NZ, Inc: Sustainability shareholder

Biz whiz Derek Handley reckons sustainability and innovation would make for smashing bedfellows.

Biz whiz Derek Handley reckons sustainability and innovation would make for smashing bedfellows.

Entrepreneur Derek Handley does not do idle thoughts. In 2001, he founded mobile marketing and media company The Hyperfactory with his brother, Geoffrey. Last year, when Derek was 32, the company sold up for something in the region of $70 million.

Derek Handley, seen here with the shiny Sir Peter Blake emerging leader award

Among other things, he’s now the chairman of Booktrack, a company creating ambient soundtracks to enhance the on screen reading of e-books. The new venture is backed by heavy hitters, including PayPal co-founder Peter Thiel and Mark D’Arcy, director of Global Creative Solutions at Facebook and former president of Time Warner Global Media Group.

So when Handley has a brainwave, it may be worth listening.

His big new idea for New Zealand Inc. goes like this.

The X Prize Foundation provides cash prizes to incentivise global innovation on business solutions for the world’s major problems. So what if New Zealand offered a $1 billion prize pool to the winners of the Foundation’s Energy and Environment prizes?

Oh yeah, like New Zealand has that sort of money to throw around. But wait, here’s the clever bit. The prize money is only payable on the successful completion of the challenge. And as part of the deal half of the prize could be in the form of New Zealand paying for a half stake in each one of the amazing new businesses the competition creates. The final condition would be that the winning company’s set up shop here in Godzone.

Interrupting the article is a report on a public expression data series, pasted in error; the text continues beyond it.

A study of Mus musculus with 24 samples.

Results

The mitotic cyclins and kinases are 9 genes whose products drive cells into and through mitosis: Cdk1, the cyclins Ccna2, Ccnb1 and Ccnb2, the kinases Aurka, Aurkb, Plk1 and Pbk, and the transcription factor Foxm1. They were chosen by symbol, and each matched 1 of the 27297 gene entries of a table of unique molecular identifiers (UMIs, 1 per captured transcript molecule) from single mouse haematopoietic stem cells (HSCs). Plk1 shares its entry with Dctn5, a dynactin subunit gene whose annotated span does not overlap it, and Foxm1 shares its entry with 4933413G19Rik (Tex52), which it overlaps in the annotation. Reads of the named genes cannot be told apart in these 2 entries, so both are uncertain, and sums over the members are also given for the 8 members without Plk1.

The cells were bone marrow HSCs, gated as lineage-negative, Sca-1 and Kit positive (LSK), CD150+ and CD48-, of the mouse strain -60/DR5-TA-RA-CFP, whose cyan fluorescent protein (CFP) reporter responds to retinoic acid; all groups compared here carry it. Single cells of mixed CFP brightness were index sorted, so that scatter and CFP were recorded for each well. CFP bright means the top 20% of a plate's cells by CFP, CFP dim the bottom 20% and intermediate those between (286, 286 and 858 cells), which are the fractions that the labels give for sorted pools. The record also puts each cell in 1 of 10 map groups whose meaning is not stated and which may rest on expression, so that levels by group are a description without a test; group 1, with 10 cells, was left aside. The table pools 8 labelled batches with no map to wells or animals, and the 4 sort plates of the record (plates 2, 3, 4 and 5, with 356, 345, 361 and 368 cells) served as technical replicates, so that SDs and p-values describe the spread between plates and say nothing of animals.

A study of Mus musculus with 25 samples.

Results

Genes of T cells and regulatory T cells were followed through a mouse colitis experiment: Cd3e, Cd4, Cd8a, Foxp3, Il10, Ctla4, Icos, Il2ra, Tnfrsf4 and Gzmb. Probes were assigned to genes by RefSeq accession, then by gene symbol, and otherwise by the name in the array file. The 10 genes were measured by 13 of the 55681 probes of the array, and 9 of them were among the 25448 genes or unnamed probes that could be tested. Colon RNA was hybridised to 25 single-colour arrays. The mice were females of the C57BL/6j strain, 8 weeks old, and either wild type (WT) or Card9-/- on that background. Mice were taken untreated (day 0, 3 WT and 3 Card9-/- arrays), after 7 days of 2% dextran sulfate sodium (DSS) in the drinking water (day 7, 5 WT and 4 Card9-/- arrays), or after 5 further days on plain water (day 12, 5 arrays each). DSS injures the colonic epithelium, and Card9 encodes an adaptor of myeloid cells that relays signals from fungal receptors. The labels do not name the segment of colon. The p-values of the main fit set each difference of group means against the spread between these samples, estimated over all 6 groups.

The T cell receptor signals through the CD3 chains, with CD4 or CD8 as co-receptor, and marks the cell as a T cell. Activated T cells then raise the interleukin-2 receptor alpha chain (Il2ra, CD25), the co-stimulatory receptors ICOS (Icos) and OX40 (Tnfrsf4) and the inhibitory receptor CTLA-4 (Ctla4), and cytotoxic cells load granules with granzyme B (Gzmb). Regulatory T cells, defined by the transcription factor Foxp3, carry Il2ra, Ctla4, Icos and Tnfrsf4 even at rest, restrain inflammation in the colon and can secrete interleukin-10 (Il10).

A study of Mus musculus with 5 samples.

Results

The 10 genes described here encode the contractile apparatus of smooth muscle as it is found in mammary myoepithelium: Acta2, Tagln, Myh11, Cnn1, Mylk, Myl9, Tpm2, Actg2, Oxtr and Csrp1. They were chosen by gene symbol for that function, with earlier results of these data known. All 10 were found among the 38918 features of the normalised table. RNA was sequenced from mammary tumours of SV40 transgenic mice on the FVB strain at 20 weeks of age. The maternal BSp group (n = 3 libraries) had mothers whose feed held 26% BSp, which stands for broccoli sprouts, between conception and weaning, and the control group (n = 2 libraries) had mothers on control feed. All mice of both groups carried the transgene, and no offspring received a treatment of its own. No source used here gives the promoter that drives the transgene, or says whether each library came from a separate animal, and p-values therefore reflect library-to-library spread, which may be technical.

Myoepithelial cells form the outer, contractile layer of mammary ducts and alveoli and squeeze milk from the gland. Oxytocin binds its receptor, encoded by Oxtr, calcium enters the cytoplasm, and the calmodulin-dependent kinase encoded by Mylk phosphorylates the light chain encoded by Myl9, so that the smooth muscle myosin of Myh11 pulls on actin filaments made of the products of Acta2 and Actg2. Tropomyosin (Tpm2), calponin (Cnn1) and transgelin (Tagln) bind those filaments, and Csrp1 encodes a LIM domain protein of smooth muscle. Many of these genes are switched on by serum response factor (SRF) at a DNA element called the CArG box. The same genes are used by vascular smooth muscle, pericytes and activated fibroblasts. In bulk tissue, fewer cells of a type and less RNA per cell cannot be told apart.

“This would put the country back on the map firmly and squarely as a country that understands the real challenges in the world,” Handley says. “A country that is committed to the future, instead of just mucking around trying to get through the next three years of the election cycle.

“We are talking about things such as solar paving, turning roads and pavements into electricity generating infrastructure. Electric flying, which would reduce the 200 million barrels a day we spend on aviation as a global community, and ultralight wind turbines that enable us to generate enormous amounts of power without a lot of capacity and mass.

“We can secure the future, inspire the planet and create a country which New Zealanders want to come back to, and where the graduates we produce don’t want to leave because they know that this is where it is happening.”

Handley equates the billion-dollar fund to just six weeks’ worth of what the country currently spends on oil imports, which are set to run out in the next few decades in any case.

“The economy is not in great shape,” he adds. “It has consistently declined over the past 50 years. We have built a country on a lot of commodities and not a lot of IP. A lot of our best and brightest people have left for brighter shores, more money and more interesting lives. And we have been increasingly attacked for our brand as a clean, green country.”

When I called him to see how the idea was going, he said: “Originally it was just an idea. But the more I’ve looked into it the more seriously I am taking it.

“The average response has been: that is such an amazingly simple, yet inspirational idea that makes total sense. Accompanied by: it will never happen. If it can’t happen in some form it’ll be solely due to a failure of my imagination, creativity and persistence.”

He doesn’t seem to have lacked any of those in the past, so who knows?

Andy Kenworthy is a freelance writer who brakes for sparrows.